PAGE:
Coaching Q&A with Rhona

  • How Does Rhona's work stand out from others who do what she does? My work stands out in a variety of ways. Unlike the vast majority of coaches:

    (1) I'm accredited by the International Coach Federation (ICF), which means I had to fulfill a significant number of coaching hours and go through a rigorous certification and examination process. Plus, in order to maintain my ICF credential, I'm required to earn continuing education credits, which means I'm required to continue learning and training in my field.
    (2) Most trained coaches learn how to coach individuals. I've completed the course-work in individual coaching at The Coaches Training Institute and the course-work in Relationship Systems Intelligence (or relationship coaching) at the Center for Right Relationship. What that means is that my individual coaching is enhanced by a toolset designed to improve personal and professional relationships and teamwork AND I'm qualified in an advanced coaching method designed for coaching couples, families, colleagues and teams.
    (3) I have a past life as an award-winning instructor and a corporate executive who led a team of 20+ direct and indirect reports. What that means is that I'm skilled in helping mentor people and also familiar with the pressures and paradigms of various kinds of educational and work environments.
    (4) I'm a parent and I'm married, which means I'm familiar with the unique and often daunting demands of balancing children, a relationship and work. 
    (5) While based in Los Angeles, I work with clients all over North America via phone and Skype.

  • What important information should buyers have thought through before seeking out a Life Coach? While it's often a great idea to seek out a life coach because you're having problems achieving your goals, or even determining what those goals are, be aware that even the best life coach won't be able to make you fulfill requests or answer his or her questions if you're not willing to take the time to be accountable to the coaching process. Coaching works best if you're willing to work it. It's okay to lose confidence in the process, it's okay to renege on some of your commitments to your coach (which means reneging on some of your commitments to yourself), it's also okay to change your mind about coaching. If any of these things happen, talk to your life coach about them. The best coaches will help you figure out whether what you're going through is a lack of commitment to or interest in coaching itself, or an obstacle that coaching can help you overcome. All of that said, if you're starting out with the expectation that your coach will "make" you show up for your coaching sessions, or that it's his or her job to get you to engage in the exercises you're asked to explore, then it might be worth waiting a little longer before you start coaching.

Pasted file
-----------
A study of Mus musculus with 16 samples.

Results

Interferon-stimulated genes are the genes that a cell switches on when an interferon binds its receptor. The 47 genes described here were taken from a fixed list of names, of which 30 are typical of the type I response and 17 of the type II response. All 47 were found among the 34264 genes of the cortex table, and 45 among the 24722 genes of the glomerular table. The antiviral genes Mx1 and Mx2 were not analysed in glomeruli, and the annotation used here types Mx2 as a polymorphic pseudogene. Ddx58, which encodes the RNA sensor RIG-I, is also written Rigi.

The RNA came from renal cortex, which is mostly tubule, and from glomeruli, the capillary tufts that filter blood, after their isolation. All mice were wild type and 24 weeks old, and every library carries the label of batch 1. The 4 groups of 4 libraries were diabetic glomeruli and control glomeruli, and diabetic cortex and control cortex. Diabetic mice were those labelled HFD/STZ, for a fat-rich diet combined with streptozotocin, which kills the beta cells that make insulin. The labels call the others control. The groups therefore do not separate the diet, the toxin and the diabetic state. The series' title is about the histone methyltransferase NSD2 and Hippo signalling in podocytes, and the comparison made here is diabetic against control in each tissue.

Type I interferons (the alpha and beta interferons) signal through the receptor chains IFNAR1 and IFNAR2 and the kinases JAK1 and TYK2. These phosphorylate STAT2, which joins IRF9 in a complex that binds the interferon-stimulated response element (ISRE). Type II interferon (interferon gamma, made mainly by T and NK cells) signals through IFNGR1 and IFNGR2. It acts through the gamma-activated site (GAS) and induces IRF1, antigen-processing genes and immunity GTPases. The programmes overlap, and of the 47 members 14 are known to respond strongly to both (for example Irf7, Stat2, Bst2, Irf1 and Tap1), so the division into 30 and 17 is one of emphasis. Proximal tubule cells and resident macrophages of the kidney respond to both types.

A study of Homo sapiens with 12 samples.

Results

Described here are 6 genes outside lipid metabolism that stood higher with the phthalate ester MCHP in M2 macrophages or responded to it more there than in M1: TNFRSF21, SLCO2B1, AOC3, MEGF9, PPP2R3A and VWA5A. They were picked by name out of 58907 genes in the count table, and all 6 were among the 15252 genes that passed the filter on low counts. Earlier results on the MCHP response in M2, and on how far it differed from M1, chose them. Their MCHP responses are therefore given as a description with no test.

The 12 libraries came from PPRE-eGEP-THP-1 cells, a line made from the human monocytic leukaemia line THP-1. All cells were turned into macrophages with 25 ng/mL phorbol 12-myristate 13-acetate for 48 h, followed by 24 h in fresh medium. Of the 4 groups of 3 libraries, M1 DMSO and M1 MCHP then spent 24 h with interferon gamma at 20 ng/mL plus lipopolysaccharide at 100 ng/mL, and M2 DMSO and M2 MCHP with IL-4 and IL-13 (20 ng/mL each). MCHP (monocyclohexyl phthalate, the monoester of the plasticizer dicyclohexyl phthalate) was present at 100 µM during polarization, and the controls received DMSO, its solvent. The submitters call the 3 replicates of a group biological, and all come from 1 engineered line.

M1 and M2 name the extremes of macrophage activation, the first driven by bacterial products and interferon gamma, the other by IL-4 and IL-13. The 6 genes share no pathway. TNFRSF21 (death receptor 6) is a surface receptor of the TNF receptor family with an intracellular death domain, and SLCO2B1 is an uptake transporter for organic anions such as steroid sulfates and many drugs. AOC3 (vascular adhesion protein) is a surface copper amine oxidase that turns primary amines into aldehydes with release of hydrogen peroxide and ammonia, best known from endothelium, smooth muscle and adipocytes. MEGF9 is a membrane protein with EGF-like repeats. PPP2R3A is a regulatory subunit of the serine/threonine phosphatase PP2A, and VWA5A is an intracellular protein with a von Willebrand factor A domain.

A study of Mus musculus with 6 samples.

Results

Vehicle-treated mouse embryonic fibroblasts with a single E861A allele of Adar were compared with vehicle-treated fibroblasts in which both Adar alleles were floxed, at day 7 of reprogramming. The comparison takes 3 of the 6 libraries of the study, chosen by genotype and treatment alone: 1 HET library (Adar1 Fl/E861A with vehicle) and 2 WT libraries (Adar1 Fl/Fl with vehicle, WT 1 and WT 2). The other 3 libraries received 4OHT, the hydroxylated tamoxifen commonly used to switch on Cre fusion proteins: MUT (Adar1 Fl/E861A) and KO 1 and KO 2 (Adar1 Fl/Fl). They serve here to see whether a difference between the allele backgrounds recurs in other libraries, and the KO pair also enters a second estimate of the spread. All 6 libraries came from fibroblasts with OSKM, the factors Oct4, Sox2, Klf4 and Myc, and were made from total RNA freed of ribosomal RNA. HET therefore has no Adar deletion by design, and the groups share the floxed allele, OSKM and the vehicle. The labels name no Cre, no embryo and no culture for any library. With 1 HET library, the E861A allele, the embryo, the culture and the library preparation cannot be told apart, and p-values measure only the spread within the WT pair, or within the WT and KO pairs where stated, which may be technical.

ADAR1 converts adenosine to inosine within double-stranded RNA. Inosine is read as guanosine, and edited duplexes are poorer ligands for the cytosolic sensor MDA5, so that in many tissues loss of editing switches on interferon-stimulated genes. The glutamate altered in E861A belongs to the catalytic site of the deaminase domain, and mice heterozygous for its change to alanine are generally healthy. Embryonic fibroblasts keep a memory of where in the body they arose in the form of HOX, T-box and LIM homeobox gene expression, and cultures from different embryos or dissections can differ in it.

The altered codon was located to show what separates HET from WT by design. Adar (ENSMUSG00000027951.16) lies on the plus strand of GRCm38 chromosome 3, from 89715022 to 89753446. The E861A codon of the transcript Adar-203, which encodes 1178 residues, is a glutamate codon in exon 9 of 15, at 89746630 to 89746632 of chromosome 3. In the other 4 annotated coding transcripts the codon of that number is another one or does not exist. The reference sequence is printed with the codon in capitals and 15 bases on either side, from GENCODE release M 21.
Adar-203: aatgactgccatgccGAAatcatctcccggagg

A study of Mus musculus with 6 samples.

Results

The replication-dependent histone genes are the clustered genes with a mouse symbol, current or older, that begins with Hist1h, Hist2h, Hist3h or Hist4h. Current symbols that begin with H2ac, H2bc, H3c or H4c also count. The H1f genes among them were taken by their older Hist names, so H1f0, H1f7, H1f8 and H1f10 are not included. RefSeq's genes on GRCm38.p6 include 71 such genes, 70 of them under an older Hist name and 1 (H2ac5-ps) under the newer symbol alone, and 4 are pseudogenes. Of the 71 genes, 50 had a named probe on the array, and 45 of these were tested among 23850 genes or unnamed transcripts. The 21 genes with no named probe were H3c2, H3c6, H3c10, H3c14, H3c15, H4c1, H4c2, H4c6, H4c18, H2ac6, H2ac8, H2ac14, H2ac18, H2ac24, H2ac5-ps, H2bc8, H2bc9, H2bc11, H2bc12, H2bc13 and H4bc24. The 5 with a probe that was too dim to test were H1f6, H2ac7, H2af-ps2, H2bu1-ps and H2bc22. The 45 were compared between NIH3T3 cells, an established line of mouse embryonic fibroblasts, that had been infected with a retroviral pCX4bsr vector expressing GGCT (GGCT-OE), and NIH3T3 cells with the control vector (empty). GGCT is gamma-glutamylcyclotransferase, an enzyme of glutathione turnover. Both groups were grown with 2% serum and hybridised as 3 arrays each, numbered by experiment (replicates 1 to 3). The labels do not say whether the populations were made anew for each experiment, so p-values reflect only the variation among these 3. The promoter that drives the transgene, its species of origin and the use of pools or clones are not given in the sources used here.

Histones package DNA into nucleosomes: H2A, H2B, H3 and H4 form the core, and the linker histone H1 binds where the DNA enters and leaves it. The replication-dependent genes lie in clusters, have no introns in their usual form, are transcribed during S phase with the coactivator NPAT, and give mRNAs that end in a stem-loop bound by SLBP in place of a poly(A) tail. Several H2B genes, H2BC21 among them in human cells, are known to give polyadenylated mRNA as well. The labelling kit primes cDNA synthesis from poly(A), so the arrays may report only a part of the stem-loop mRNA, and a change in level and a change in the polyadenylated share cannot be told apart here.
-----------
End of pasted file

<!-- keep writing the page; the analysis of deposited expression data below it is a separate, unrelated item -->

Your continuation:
• What questions should a consumer ask to hire the right service professional?
  • What training have you received as a Life Coach? 
    Are you accredited by the International Coach Federation?
    Do you offer a complimentary sample session and, if so, how long is that session?
    Do you work with a mentor coach if faced with a challenging issue?
    What's your philosophy on client confidentiality?
    How much do you charge for coaching?
    Do you offer discounts or coaching packages?
    What are your coaching specialties?
    Who's your ideal client?
    What are your greatest strengths as a coach?
    What are your areas of improvement as a coach?
    Where can I find testimonials about your coaching?
    If I'm not satisfied with your services as a coach, what's your cancellation or refund policy?

    If Rhona were a coaching client, what would she wish she knew about her trade? Unfortunately, because it's still unregulated, pretty much anyone can call him or herself a Life Coach. Yet training--and a good amount of it--makes a major difference in the caliber of coaching and the sustainability of the results you'll get with a coach. Do your homework to ensure that the person you choose to work with is someone experienced in this field, which means s/he is well-trained, accredited and has worked with diverse clients. Also, coaching is NOT the same as advice-giving. The best coaches are those who empower clients to find the answers and resources within themselves, and who offer tools and techniques so clients can do that long after they've stopped working with a coach. If you get the feeling that you're working with someone--or about to work with a coach--who has all the answers, run in the opposite direction. The answers are all within you; your coach's job is to help you find them!